The Estate Planning process

The Estate Planning process

Estate Planning is a long process consisting of many steps for it to be comprehensive and “bullet-proof”. What should such a process look like and when Estate Planning should be performed? Estate Planning mainly focuses on deciding how your estate, such as property, cars, investments, or personal items should be allocated after you die. However, a comprehensive Estate Plan is much more than just this. It establishes what happens to your estate, yourself and the ones you love and care about in other situations, too, such as:

  • In the event you become incapacitaded you can appoint a trusted person to make decisions for you in areas of your health, finances and business;
  • You leave small children behind and you can plan ahead of who should become a guardian for your children in case you are no longer able to, or you pass away;
  • You marry or divorce and need to update your Will;
  • Your estate may accumulate a high tax burden for your beneficiaries, therefore you should include Inheritance Tax Planning strategy in your estate planning.

The Estate Planning Documents

Typical Estate Planning documents that are advisable to people with UK assets or living in the UK are as follows: 

  • Last Will and Testament 
  • Power of Attorney: Health & Wellbeing, Financial, Business
  • Guardianship Nomination 
  • Trust for IHT Purposes 

Estate planning is one of the most important things you can do to protect yourself and your family. Typically, setting up and understanding the purpose of these documents can ensure your wishes are followed after death or in an event of incapacitation. 

Estate Planning Process: When to Make a Will

A good practice is to set up a Will as soon as you become a legal adult or reach the so-called “estate planning triggers”, such as marriage, having a child, divorce or buying a new home or investment property. 

There might be dire consequences of not having a valid Will; the main one being that your wishes as to how to dispose of your estate might be not granted, and instead, be a subject of local testacy laws, which might create confusion among your intended beneficiaries. Your family might be left in the middle of the grieving process occupied with decisions and tasks that they may not have considered or were prepared for.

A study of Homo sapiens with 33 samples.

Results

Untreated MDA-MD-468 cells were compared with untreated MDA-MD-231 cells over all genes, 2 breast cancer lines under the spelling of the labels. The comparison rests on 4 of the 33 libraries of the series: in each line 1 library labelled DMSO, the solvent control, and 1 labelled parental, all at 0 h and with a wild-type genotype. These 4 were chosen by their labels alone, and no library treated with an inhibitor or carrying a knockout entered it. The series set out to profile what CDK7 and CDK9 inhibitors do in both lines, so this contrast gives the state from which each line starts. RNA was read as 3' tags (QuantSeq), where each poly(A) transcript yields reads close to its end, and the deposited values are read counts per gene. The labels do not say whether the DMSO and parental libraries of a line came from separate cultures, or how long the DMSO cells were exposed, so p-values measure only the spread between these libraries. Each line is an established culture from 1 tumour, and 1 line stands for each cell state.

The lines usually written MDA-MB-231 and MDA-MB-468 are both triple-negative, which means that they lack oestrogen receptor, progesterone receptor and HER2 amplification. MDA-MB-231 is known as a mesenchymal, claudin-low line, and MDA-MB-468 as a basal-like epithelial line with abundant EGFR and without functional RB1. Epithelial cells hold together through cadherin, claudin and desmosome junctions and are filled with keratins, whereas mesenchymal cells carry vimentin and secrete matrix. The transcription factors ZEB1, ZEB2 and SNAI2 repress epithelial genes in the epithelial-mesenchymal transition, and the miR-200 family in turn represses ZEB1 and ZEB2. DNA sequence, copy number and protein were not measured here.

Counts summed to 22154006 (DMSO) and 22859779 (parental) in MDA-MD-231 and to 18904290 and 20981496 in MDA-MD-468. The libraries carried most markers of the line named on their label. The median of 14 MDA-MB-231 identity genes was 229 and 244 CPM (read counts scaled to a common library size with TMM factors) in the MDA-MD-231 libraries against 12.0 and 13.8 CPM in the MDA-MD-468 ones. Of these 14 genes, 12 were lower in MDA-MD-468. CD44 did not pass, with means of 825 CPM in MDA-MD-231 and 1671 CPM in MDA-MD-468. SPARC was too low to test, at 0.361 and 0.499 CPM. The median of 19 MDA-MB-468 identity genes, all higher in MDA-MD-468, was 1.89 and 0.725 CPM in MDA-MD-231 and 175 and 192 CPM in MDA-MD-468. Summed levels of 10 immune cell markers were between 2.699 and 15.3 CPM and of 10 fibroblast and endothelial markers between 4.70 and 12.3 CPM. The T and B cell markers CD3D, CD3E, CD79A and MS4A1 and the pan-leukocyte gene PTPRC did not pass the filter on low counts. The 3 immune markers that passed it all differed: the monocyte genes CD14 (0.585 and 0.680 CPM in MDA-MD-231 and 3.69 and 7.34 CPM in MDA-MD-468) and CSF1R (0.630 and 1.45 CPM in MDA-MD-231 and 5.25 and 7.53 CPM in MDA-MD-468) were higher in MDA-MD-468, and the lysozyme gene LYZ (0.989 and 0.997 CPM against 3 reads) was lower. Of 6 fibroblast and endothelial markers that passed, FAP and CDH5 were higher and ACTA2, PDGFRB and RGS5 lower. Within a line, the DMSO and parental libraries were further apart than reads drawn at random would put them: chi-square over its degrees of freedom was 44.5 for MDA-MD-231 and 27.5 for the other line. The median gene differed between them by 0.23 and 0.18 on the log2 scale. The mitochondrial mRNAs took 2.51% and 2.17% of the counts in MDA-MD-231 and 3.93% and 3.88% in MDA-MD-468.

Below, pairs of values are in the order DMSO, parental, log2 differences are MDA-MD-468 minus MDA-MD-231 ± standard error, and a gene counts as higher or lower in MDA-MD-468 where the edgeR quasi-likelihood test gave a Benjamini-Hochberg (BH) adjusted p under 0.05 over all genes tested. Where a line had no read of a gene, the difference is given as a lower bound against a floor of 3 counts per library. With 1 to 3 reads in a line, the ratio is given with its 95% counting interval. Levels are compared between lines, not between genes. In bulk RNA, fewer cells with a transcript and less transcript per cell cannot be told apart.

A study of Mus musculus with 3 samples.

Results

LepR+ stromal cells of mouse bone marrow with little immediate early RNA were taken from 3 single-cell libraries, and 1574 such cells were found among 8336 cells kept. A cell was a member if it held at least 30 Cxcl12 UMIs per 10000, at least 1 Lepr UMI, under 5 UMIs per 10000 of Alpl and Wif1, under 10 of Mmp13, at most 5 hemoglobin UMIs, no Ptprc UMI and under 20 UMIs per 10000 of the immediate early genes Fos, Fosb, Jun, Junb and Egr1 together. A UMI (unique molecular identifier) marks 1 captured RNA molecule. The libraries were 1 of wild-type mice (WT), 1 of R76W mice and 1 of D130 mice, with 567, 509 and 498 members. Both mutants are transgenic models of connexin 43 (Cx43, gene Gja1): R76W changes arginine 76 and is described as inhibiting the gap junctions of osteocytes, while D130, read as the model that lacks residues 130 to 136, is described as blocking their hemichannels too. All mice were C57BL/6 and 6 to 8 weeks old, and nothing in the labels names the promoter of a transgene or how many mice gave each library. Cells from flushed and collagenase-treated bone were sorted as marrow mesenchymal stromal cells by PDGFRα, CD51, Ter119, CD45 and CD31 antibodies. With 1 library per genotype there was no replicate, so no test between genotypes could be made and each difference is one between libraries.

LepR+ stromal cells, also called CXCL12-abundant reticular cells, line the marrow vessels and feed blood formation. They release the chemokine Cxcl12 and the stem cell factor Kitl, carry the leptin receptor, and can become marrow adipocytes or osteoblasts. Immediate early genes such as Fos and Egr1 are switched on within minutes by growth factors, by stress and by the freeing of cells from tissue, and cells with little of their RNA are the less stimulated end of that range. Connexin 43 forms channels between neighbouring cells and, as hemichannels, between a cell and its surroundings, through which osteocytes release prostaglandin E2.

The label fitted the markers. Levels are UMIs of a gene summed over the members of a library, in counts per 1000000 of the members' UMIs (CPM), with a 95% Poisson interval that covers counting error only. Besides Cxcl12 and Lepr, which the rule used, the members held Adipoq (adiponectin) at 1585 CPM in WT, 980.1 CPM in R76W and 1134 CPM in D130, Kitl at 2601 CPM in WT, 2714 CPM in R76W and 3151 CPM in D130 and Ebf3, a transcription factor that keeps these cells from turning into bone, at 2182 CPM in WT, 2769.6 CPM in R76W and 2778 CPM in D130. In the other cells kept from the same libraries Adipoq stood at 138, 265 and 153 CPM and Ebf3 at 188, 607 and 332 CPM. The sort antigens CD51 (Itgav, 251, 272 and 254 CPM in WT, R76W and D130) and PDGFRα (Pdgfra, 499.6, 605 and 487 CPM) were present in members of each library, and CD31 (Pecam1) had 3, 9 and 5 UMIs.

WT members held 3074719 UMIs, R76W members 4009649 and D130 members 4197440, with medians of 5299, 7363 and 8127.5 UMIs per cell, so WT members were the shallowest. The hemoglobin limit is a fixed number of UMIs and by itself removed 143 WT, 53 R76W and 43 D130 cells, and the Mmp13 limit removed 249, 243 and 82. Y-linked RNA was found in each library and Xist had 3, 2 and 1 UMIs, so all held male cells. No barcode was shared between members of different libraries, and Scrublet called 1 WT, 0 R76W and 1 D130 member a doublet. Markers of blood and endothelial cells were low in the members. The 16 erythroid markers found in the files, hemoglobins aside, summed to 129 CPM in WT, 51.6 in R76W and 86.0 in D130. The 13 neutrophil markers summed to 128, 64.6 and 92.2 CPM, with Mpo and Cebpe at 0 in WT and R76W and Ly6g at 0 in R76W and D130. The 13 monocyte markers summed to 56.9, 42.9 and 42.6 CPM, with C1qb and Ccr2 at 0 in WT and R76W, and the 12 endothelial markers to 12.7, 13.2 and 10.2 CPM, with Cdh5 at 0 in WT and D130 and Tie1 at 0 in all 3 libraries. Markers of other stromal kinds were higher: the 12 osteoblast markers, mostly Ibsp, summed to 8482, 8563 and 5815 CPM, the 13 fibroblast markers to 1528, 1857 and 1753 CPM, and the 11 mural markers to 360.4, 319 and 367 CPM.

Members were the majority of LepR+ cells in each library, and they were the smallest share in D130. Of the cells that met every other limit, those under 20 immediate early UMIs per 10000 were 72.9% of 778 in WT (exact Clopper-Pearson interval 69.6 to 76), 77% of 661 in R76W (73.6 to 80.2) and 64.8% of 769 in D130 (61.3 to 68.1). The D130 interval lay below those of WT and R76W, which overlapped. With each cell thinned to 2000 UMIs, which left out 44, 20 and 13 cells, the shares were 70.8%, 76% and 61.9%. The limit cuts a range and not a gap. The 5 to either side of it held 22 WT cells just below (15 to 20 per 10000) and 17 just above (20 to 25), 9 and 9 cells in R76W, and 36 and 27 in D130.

A good practice is to review your Will every 5 years to ensure that it is updated and that it follows the latest estate planning laws. Soteria Trusts, together with our in-house specialist Will Writing company, Certainty Estate Planning aims to make this process as seamless as possible by offering a Free Will Review. It costs you nothing to have your current Will reviewed by a professional Will Writer. Moreover, if you happen to already own more than £160,000 in assets — it might be time to consider going one step further and create a Trust. 

Estate Planning Process: When to Nominate a Guardian?

The moment you start planning to have a child is the right time to think about who you should consider as their legal guardian in case you and your partner die, or are otherwise unable to care for them. Once you’ve decided you should put your wishes in writing. You can add a Guardianship clause in your Will, and consider an additional Guardianship Deed (depending on the jurisdiction you reside in). 

Estate Planning Process: When to Appoint a Power of Attorney

A Lasting Powers of Attorney (LPA) is a legal document that enables you to appoint a third party or a person of your choice, to make important decisions on your behalf, in a situation where you are incapacitated or are unable to do so yourself. 

The LPA is a powerful and important document, as the Power of Attorney will also gain access to your bank account, and will be able to manage your finances, health decisions and even business on your behalf. 

The best moment to write Power of Attorney is now. Since capacity can be lost every day through accidents, stroke, or other serious health conditions, age should not be a determining factor. Additionally, considering dementia, which is usually associated with people aged over 65 years, more people are experiencing dementia symptoms during their 40s. 

Crucially, this appointment can only be made when you are mentally fit and well. Leaving it too late can mean that trusted relatives and friends are powerless to make decisions for you, and they would have to first spend time and money in courts to get this granted. 

Estate Planning Process: When to Create a Trust for IHT Purposes

Trusts are set up for a variety of reasons, but usually to safeguard a family’s estate from taxes. 

The moment your estate’s value increases, for example, because of the rising house prices in the United Kingdom, or other successful investments, it may be your cue to look into setting up a Trust

Trusts give you control over the distribution of your assets, can help you avoid the lengthy probate process and to minimise Inheritance Tax as your assets pass on to the beneficiaries of your choice. Soteria Trusts Consultant can walk you through the various types of trusts available to ensure you have a comprehensive Estate Plan in place. 

Estate Planning Process: When to Update Your Estate Plan

Life can quickly change, and therefore it is crucial that you update your estate plan accordingly to these changes. Anytime you need to update your Will (which we recommend every 5 years or following a change in circumstances or a life event taking place) also review your Lasting Power of Attorney and Guardianship clause (if applicable). If your estate’s value increases over the IHT thresholds, you should update your Estate Plan to open a Trust to preserve your hard-earned wealth in your family.  

If you have any additional questions, please contact us directly in the form below. Our consultants will be happy to assist you in your estate planning process.